Washington, DC – The $318 billion highway bill that passed the U.S. Senate Thursday includes $50 million specifically for a new Mississippi River Bridge, just north of downtown.
Missouri Senator Kit Bond, who helped write the highway spending legislation, says that means other road projects won't have to compete as much for the rest of the money the state will get. The bridge has long been a top regional priority and considered first in line to get any federal highway money.
St. Louis – Missouri State Treasurer Nancy Farmer Thursday brought her U.S. Senate campaign to St. Louis. The Democrat is trying to unseat three-term Republican Kit Bond.
Farmer says throughout her public life, she has not forgotten her poor, working-class roots.
"In the House, I sponsored and passed a bill to prevent youth violence," Farmer said. "As chair of the Ways and Means Committee, I led the fight to repeal the state sales tax on groceries, which to this day is the largest and fairest tax cut in Missouri's history."
St. Louis, MO – A St. Louis State Representative will not be charged for an incident last May. That's when Democrat Rodney Hubbard was arrested after a man accused him of shooting a gun at his car after an altercation.
But investigators say the accuser, Tyrus Williams, is a twice-convicted drug offender who lied during questioning. That raises doubts that Hubbard did anything wrong, investigators say.
Scott Air Force Base, ILL. – Scott Air Force Base, in the Metro East, is getting ready for a major housing expansion.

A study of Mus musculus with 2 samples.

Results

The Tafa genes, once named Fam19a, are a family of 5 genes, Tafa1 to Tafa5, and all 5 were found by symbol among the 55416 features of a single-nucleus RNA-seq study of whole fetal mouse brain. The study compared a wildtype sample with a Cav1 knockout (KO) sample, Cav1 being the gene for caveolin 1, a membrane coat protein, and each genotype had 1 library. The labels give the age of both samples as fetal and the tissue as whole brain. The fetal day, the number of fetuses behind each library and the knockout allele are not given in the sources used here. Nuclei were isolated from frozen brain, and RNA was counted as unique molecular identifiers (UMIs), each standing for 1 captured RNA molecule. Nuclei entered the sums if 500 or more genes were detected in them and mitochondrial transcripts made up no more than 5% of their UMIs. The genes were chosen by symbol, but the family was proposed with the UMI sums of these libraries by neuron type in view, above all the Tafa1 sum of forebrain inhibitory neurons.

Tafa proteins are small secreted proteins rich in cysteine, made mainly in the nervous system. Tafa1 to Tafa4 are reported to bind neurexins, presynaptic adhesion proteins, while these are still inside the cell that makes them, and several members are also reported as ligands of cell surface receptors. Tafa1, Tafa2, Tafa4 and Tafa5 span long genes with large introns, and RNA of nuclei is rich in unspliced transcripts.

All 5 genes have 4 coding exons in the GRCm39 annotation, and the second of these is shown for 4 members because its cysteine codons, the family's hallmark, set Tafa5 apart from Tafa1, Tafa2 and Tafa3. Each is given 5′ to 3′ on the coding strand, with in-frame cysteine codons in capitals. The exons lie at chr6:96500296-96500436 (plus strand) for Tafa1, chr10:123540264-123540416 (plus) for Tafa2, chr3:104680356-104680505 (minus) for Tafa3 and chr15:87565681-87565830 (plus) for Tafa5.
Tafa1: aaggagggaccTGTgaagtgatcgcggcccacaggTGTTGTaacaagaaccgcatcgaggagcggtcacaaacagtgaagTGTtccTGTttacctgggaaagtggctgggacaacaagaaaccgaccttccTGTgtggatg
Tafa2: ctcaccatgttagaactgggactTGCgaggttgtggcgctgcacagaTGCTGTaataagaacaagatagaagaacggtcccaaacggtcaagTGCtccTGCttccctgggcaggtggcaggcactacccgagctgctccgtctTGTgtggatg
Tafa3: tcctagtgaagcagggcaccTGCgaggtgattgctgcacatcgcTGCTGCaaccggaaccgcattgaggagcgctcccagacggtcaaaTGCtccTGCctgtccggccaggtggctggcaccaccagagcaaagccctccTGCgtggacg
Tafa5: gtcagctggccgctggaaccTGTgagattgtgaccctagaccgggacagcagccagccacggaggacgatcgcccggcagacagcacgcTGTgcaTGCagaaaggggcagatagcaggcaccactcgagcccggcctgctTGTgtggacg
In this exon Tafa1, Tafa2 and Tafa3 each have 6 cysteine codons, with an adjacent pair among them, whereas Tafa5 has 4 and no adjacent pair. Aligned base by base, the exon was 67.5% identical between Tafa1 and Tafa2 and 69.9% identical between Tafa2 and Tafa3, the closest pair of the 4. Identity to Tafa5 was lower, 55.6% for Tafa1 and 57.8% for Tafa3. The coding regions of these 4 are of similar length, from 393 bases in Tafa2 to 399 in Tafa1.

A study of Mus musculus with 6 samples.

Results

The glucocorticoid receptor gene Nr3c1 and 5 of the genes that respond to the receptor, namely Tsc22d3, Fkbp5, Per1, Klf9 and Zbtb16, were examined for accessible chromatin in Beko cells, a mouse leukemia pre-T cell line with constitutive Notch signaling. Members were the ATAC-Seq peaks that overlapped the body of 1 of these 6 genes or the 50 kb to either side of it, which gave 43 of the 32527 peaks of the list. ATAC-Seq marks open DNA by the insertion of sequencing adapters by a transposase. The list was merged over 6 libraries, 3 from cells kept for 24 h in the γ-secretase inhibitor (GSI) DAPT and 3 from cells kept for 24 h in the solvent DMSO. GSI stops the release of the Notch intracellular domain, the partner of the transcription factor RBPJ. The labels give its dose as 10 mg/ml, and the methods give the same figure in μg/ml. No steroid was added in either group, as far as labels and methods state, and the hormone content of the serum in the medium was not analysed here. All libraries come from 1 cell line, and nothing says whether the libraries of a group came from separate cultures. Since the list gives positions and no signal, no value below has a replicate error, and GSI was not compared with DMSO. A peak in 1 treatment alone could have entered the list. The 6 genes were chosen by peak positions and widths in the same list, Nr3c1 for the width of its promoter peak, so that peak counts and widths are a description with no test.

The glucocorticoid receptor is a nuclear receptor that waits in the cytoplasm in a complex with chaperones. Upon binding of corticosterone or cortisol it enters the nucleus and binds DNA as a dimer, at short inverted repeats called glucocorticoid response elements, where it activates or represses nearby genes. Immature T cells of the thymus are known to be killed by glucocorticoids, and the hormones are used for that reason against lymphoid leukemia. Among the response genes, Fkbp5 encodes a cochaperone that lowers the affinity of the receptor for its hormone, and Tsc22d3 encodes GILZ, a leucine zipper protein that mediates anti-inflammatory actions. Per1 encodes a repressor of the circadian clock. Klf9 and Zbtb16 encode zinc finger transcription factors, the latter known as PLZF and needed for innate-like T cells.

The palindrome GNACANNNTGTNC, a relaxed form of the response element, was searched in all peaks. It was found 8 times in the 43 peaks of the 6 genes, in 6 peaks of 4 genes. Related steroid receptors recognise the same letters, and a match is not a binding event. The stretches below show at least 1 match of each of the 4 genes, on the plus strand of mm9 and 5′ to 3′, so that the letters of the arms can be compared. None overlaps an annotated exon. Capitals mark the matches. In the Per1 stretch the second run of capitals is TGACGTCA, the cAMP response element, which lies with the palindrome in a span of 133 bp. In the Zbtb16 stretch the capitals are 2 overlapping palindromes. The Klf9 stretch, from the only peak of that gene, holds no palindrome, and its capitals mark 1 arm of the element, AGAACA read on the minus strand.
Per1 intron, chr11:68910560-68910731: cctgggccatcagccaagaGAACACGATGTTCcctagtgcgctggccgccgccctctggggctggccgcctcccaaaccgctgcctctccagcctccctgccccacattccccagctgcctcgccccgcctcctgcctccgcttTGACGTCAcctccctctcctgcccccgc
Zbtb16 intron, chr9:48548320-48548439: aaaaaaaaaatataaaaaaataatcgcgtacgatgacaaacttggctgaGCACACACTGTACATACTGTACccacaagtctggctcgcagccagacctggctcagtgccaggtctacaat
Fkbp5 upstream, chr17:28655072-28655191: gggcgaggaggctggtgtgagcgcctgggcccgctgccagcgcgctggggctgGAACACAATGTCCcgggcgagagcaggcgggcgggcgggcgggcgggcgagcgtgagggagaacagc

The Air Force will hire a private company to build about 500 new houses off base and renovate a yet unknown number of on base homes.
The plan is part of an Air Force-wide initiative that's expected to save the government $7 billion. Tanya Winters, who lives on base, hopes that wherever her family is relocated, they'll still have the same amenities they have now.
Missouri is one of just 13 states without a mandatory DNA sampling program. But a plan moving through the General assembly this Spring would require DNA samples from thousands of convicted cirminals each year. Matt Hackworth prepared this report.
Jefferson City, MO – The Missouri House initially approved legislation Wednesday that lowers the standards children must reached to be deemed proficient on standardized tests.
Missouri's current definition of "proficient" applies to students who actually perform ahead of their grade levels on the tests. Supporters say the change would make it easier to see how Missouri children compare with those in other states.